AAS 200th meeting, Albuquerque, NM, June 2002
Session 19. Instrumentation from Space Observations
Oral, Monday, June 3, 2002, 10:00-11:30am, Ruidoso/Pecos


T. B. Ake (JHU/CSC), B. F. Class (OSC), B. A. Roberts, J. W. Kruk, W. P. Blair, H. W. Moos (JHU), FUSE Operations Team

The Far Ultraviolet Spectroscopic Explorer (FUSE) satellite was at the peak of its scientific productivity when attitude control hardware problems began to surface two years after launch. On November 25 and December 10, 2001, FUSE lost use of two of its four reaction wheels required for slewing and pointing control. The pitch and yaw wheels despun due to excessive friction between the rotors and wheel housings. The remaining roll and skew wheels were inadequate for three-axis control. Since then, several innovative techniques have been developed using the magnetic torquer bars (MTBs), which were installed for momentum management, for attitude control. The first flight software update, made within 10 days of the December failure, constrained the skew wheel to control pitch and directed yaw torque requests to the wheel unloading routine, causing the software to respond as if addition momentum needed to be removed by the MTBs. This achieved enough pointing stability to allow work to proceed on developing a new control law fully integrating the MTBs in the control loop. This software was loaded on January 25, 2002 and immediately reestablished fine pointing capability. The concepts and development of this system are unique in astronomical space observatories and demonstrates the feasibility of using the geomagnetic field for pointing control without the use of reaction wheels for near-earth orbit astronomy missions.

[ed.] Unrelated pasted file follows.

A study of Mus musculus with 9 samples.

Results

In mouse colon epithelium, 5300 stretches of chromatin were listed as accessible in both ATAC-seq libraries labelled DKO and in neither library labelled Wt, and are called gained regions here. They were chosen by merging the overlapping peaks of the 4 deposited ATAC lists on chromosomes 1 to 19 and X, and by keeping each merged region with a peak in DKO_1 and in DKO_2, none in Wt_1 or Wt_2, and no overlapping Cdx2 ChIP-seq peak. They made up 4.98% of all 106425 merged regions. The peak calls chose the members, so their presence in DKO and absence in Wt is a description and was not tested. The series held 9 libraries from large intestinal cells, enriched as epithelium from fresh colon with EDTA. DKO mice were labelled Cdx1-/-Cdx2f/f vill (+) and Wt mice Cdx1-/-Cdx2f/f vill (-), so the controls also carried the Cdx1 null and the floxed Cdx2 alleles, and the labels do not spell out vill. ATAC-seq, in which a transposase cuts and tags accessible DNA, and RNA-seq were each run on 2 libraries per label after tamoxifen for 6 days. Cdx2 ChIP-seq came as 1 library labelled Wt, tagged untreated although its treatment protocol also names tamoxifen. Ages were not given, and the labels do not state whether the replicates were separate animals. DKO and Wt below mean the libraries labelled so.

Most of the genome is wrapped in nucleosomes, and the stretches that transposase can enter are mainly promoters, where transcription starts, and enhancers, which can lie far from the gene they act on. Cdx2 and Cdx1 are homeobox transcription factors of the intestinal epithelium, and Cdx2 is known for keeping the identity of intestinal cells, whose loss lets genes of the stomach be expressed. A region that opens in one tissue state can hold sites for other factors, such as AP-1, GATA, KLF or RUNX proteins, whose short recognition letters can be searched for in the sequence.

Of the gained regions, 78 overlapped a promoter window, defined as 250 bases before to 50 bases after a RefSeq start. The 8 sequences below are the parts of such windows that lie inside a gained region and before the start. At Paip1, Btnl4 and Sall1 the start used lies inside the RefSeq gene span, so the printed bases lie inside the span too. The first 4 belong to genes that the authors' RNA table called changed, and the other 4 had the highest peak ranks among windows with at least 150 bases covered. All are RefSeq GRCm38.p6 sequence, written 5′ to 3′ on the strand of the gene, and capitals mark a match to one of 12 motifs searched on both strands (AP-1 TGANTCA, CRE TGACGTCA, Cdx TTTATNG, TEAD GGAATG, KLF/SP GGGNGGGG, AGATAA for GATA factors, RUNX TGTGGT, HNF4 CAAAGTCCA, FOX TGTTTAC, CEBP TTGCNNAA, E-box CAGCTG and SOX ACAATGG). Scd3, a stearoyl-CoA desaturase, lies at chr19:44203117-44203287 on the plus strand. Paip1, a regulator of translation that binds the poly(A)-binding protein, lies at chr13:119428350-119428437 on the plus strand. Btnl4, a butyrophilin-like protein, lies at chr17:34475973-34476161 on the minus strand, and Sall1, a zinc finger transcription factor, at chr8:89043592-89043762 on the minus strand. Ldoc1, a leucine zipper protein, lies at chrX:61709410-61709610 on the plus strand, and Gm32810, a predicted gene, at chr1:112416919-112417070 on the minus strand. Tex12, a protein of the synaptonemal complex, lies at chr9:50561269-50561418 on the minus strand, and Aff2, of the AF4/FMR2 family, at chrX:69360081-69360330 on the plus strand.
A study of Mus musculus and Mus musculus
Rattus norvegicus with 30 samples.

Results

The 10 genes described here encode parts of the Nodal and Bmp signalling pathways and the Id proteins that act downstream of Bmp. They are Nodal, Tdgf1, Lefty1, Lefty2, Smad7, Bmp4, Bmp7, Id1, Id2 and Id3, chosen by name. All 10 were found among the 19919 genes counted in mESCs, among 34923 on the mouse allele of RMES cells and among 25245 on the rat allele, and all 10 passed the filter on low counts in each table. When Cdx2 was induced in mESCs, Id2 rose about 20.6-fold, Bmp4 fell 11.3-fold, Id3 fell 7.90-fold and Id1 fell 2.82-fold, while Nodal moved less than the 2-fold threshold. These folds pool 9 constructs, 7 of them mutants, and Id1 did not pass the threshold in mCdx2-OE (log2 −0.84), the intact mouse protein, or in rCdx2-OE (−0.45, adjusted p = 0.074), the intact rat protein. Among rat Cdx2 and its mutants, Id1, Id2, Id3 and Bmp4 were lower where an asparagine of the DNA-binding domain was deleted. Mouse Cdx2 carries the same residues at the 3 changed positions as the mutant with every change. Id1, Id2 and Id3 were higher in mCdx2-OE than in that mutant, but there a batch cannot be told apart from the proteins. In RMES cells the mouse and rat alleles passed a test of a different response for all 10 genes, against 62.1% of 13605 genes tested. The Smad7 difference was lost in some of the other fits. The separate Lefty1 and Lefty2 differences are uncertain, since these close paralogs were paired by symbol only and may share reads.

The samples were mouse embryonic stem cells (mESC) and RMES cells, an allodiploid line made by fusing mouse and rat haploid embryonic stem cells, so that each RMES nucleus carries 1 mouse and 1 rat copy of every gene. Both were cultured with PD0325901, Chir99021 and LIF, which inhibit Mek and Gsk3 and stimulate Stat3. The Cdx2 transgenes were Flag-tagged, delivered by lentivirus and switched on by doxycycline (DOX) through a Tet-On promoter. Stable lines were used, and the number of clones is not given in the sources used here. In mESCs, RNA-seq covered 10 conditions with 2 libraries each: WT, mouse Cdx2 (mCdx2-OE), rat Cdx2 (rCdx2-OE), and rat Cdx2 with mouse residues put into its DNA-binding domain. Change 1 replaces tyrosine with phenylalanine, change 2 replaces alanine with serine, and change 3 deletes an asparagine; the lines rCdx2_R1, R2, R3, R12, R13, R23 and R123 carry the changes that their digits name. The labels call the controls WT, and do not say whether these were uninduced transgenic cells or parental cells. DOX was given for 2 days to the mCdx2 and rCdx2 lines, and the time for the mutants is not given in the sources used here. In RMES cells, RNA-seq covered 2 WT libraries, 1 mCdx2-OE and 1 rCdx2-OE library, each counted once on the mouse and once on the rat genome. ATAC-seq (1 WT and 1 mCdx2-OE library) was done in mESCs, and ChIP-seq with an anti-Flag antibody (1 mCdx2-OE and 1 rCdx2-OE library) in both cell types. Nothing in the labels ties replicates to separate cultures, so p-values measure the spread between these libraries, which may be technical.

This work is supported by NASA Contract NAS5-32985 to the Johns Hopkins University.

If you would like more information about this abstract, please follow the link to http://fuse.pha.jhu.edu. This link was provided by the author. When you follow it, you will leave the Web site for this meeting; to return, you should use the Back comand on your browser.

The author(s) of this abstract have provided an email address for comments about the abstract: ake@pha.jhu.edu

© 2002. The American Astronomical Soceity.